Sheriff's deputies and state police are investigating the death of a 17-year-old East Baltimore youth who collapsed Tuesday evening while being restrained by staff at a privately run residential program for juvenile offenders.
Isaiah Simmons III was pronounced dead at Carroll Hospital Center after paramedics found him in cardiac arrest at the Bowling Brook Preparatory School near Westminster, officials said.
Staff at the school attempted to subdue the youth after an outburst in which he allegedly threatened to harm other students and school personnel, according to the Carroll County Sheriff's Office.
An autopsy will be performed, but a preliminary investigation by the state medical examiner's office yesterday revealed no apparent trauma to Simmons' body, the sheriff's office said. Still, his death has raised questions.
"Children in state custody should be safe from harm, and last night's death reminds us of the work that needs to be done to reform our Department of Juvenile Services," Gov. Martin O'Malley said in a statement.
Simmons was sent to Bowling Brook after he was effectively found guilty in juvenile court of armed robbery. In February, he used a box cutter to rob another juvenile of a cell phone near the Inner Harbor, according to police records.
This is the first death of a youth in the custody of juvenile services since a girl committed suicide at the state-run Waxter Children's Center in Laurel in 2001, a department spokesman said.
Bowling Brook officials declined to comment yesterday.
O'Malley dispatched his chief of staff to Bowling Brook yesterday morning and directed juvenile services officials and state police to help sheriff's deputies investigate the incident.
Simmons' grieving family and youth advocates are also demanding an investigation.
"I'm trusting in the Lord that the truth will come out," his mother, Felicia Wilson, said. "So it won't happen to another child. They need to look over their policies. They need to be retrained."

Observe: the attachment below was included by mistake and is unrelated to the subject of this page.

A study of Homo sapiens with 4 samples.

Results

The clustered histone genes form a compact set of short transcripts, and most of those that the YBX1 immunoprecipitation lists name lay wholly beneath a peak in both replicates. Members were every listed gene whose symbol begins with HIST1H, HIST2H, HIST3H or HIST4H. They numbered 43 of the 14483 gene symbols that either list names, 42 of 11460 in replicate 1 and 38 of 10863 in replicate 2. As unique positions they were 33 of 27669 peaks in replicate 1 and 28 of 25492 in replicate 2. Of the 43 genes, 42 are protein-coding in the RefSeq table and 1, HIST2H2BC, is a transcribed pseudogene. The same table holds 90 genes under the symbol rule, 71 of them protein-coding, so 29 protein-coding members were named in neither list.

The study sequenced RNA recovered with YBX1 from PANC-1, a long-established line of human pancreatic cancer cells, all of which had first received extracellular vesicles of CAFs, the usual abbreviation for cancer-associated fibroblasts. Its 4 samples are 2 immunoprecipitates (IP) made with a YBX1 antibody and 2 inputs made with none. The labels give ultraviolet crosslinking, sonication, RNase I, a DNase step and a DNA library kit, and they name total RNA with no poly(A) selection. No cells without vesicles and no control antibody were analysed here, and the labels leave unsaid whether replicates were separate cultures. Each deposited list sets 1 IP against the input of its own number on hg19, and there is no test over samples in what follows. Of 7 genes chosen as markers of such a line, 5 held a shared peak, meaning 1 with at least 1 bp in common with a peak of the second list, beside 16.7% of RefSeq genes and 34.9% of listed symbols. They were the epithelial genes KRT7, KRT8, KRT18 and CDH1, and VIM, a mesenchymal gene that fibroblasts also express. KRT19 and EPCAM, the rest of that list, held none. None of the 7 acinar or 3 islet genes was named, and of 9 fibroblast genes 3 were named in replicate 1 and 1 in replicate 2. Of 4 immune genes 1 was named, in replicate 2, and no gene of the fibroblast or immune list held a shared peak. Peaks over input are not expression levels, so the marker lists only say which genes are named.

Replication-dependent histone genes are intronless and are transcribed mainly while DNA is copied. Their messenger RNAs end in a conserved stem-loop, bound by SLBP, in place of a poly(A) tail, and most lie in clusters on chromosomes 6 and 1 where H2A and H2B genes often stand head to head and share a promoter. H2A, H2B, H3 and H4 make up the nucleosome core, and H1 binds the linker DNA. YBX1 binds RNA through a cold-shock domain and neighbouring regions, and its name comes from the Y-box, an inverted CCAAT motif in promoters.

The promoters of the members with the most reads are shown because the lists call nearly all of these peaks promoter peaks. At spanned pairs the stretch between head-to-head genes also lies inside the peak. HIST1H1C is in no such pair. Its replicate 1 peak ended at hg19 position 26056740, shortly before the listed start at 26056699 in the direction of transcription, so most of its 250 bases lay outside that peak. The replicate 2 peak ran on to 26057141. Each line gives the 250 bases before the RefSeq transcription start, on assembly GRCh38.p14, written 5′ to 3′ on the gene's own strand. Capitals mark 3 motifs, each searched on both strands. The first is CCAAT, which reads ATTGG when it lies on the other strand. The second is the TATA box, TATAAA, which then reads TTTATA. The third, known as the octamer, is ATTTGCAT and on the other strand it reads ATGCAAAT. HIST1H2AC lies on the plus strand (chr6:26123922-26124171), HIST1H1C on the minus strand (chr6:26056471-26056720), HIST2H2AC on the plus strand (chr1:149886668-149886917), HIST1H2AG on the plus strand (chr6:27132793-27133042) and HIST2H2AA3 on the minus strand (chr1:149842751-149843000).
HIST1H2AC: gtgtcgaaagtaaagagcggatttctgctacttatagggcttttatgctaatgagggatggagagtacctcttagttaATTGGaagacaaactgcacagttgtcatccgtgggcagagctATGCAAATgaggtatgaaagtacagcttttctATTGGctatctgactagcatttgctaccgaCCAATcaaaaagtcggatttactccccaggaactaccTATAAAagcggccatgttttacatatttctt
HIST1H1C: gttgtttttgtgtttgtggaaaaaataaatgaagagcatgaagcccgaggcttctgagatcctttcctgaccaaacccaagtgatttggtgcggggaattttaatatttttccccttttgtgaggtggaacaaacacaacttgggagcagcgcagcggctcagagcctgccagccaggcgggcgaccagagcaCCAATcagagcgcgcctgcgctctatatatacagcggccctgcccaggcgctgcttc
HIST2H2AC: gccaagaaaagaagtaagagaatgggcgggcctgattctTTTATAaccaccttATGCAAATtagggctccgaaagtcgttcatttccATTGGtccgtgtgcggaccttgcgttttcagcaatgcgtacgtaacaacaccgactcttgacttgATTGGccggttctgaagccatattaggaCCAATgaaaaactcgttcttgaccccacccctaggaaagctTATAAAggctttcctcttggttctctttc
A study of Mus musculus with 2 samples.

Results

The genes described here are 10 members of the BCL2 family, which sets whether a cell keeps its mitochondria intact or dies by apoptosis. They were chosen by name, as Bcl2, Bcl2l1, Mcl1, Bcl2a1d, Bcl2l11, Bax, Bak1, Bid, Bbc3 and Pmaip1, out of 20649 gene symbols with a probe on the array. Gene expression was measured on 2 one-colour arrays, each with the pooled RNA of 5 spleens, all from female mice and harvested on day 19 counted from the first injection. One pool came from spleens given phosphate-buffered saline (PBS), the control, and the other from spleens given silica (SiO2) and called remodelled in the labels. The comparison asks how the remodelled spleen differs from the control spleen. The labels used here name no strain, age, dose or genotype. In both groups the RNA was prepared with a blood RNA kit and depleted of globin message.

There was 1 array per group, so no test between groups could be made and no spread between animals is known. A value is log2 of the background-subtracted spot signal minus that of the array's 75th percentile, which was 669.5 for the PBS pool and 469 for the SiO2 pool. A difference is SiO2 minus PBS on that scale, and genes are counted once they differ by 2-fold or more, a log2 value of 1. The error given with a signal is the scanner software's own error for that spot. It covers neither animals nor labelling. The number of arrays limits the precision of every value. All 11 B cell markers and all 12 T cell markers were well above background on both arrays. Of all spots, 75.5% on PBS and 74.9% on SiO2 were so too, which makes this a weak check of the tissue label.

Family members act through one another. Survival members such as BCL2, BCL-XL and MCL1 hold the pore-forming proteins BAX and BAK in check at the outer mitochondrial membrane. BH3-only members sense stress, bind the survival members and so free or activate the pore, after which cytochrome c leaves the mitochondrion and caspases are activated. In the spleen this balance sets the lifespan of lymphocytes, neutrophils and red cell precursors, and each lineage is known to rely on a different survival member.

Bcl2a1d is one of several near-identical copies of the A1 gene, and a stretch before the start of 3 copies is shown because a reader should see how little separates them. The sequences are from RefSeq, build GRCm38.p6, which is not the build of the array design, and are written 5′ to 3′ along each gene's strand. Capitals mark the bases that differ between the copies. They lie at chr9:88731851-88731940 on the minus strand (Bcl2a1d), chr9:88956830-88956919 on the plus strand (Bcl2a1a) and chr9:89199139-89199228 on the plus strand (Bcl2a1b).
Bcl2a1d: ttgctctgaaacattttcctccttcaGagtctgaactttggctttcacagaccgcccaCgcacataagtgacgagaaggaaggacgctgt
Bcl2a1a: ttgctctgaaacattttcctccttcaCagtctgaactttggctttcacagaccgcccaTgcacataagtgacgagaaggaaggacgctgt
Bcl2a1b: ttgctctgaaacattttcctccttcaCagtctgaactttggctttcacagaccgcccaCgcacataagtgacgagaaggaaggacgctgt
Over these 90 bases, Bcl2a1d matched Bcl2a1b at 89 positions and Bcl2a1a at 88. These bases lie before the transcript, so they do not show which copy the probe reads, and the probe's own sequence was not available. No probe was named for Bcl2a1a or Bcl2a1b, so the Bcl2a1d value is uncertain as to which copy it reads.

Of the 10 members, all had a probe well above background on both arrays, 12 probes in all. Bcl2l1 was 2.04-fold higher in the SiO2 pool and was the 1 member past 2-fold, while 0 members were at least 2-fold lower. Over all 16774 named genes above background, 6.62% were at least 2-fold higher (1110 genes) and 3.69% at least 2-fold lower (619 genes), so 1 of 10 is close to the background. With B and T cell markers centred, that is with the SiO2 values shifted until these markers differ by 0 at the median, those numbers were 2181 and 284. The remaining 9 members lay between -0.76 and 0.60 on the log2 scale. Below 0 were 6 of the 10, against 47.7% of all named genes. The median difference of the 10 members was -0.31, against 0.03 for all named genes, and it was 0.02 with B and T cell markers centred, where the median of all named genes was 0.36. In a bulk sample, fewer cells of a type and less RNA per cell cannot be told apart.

Among the 20 or so relatives gathered at Wilson's Aisquith Street rowhouse yesterday afternoon were Simmons' 22-month-old daughter, Shakiya, and the child's mother, Quequerra Johnson, 15.
Johnson said she was having a hard time accepting Simmons' death. "It isn't true," said the New Era Academy 10th-grader. "He's still alive."
Relatives described Simmons as a basketball and football fan with a gentle demeanor who was excited about going to Bowling Brook.
The school's incorporation of organized sports into its curriculum has drawn praise as a progressive alternative to troubled state-run facilities.
After graduating from Bowling Brook, Simmons hoped to attend Michigan State University, where his sister, Danielle Wilson, is a graduate student, his family said.
"My impression of Bowling Brook has been generally favorable, but I do know of some incidents where kids had injuries," said Stacey Gurian-Sherman, who runs an advocacy group in Montgomery County for families of delinquents.
"There should be a thorough and independent investigation. We should not rely on [the Department of Juvenile Services] to evaluate this."
Since September, Bowling Brook has reported 22 incidents to the department in which staff have used physical force to restrain a student, according to agency spokesman Edward Hopkins.
Yesterday, several state police officers and county sheriff's deputies guarded the long driveway to the school in rural Keymar. The hum of bulldozers could be heard flattening earth around the facility, which is expanding.
The program houses 170 juvenile offenders. In the past, some would have been sent to the Charles H. Hickey Jr. School, which has been largely closed.
John and Tammy Fouchie sat in the school lobby, upset about news of Simmons' death, and threatened to pull their 15-year-old son out of the program.
While restraining their son, Josh Gorsuch, on Friday, school counselors had dislocated his shoulder, stepfather John Fouchie said. "I can see trying to discipline them, but not that kind of stuff,' he said.
School officials declined to be interviewed yesterday, but sheriff's deputies provided a sketch of what happened to Simmons on Tuesday.
About 8:20 p.m., deputies were summoned by paramedics who were treating Simmons for cardiac arrest, according to Lt. Phil Kasten.
School staff told the deputies that Simmons had become "enraged for no apparent reason, and during an outburst threatened to harm other students and staff," the sheriff's office said in a statement.
"As counselors worked to calm the student, he reportedly advanced threateningly toward them and was restrained, but continued to struggle with staff. During the struggle, staff noticed that the student had become lethargic and quickly lost consciousness," the statement said.
According to court records, Simmons was 5 feet 9 inches and 147 pounds at the time of his arrest in February.
The death at Bowling Brook comes after a brawl among a group of about a dozen girls late Monday at the Waxter Center that state police were summoned to help break up.
Hopkins said there were no injuries, but the girls involved in the disturbance ripped out light fixtures and fire sprinklers in a day room, causing water and other damage.
He said the brawl started about 6 p.m. with a fight between two girls over a candy bar as the youths were having dinner.
It was broken up, but fighting resumed and others got involved when the girls moved to the day room for recreation a short time later.
Sun reporters Laura McCandlish, Annie Linskey and Greg Garland contributed to this article.